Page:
Making a claim on sustainable energy, researchers at the University of Texas Arlington have built micro-windmill models that are no bigger than the size of a pinhead to offer an alternative for power generation for mobile devices. The inventive micro-robotic technique behind these minuscule windmills could potentially revive your dead phone in a matter of minutes. Made of a flexible nickel alloy, the delicate devices could be embedded in mobile devices to capture wind created by waving a phone in the air or holding it to an open window.
Exploring green technology on a smaller-scale, engineers Smitha Roa and J.-C Chiao are able to fit 10 of these itsy-bitsy windmills, approximately 1.8 mm in diameter, on a single grain of rice. This fusion of origami concepts and conventional wafer-scale semiconductor device designs cast light on how 3D moveable mechanical structures can be self-assembled from two-dimensional metal pieces utilizing planar multilayer electroplating techniques.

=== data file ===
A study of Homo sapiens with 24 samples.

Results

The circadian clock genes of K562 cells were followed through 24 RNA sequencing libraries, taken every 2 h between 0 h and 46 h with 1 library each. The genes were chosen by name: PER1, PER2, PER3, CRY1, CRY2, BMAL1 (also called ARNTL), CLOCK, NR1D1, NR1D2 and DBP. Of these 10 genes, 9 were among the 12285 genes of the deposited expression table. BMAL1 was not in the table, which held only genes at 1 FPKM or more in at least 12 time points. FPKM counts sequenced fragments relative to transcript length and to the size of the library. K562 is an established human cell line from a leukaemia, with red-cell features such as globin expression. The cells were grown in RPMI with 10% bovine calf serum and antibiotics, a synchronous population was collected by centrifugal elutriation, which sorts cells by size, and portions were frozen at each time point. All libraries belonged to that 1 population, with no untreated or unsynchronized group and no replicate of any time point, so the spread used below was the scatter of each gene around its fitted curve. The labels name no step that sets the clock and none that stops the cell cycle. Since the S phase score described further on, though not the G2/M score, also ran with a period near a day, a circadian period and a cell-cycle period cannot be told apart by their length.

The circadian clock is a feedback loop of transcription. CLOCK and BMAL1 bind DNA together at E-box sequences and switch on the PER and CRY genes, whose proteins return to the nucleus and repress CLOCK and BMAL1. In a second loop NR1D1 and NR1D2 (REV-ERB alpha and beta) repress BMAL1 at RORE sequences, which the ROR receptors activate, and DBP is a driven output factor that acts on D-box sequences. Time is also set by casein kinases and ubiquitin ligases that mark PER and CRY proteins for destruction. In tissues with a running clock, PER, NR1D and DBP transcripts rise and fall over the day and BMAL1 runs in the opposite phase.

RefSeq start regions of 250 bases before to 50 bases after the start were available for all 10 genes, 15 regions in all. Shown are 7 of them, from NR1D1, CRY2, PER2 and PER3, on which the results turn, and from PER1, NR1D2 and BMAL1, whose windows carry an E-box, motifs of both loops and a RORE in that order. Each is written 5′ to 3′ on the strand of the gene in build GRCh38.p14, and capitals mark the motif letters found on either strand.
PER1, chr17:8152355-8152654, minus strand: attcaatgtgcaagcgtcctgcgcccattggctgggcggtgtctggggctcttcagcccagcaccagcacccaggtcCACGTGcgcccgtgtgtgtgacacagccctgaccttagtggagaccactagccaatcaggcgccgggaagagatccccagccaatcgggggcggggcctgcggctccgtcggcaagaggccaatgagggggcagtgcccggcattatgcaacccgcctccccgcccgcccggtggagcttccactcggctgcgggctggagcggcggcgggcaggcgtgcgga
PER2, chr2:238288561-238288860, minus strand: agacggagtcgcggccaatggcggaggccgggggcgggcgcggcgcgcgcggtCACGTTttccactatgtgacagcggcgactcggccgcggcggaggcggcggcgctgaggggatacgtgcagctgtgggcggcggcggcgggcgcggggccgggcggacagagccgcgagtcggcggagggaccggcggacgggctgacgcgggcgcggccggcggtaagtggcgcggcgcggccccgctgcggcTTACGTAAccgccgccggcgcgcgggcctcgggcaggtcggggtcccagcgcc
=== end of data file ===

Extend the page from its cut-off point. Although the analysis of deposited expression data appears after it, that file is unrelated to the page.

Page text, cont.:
Excited about the potential applications of these tiny models, Taiwanese company WinMEMS Technologies Co. secured exclusive rights to commercializing the concept. Currently looking to spearhead a new direction for batteries of handheld devices, Chiao also wants to further developments to include thousands of wall-mount windmills in homes where large turbines are not impractical.
It’s easy to underestimate these micro-machines, but keeping an open mind about them is our best bet to advance into a greener, more sustainable world.
See the tiny-windmill for yourself below.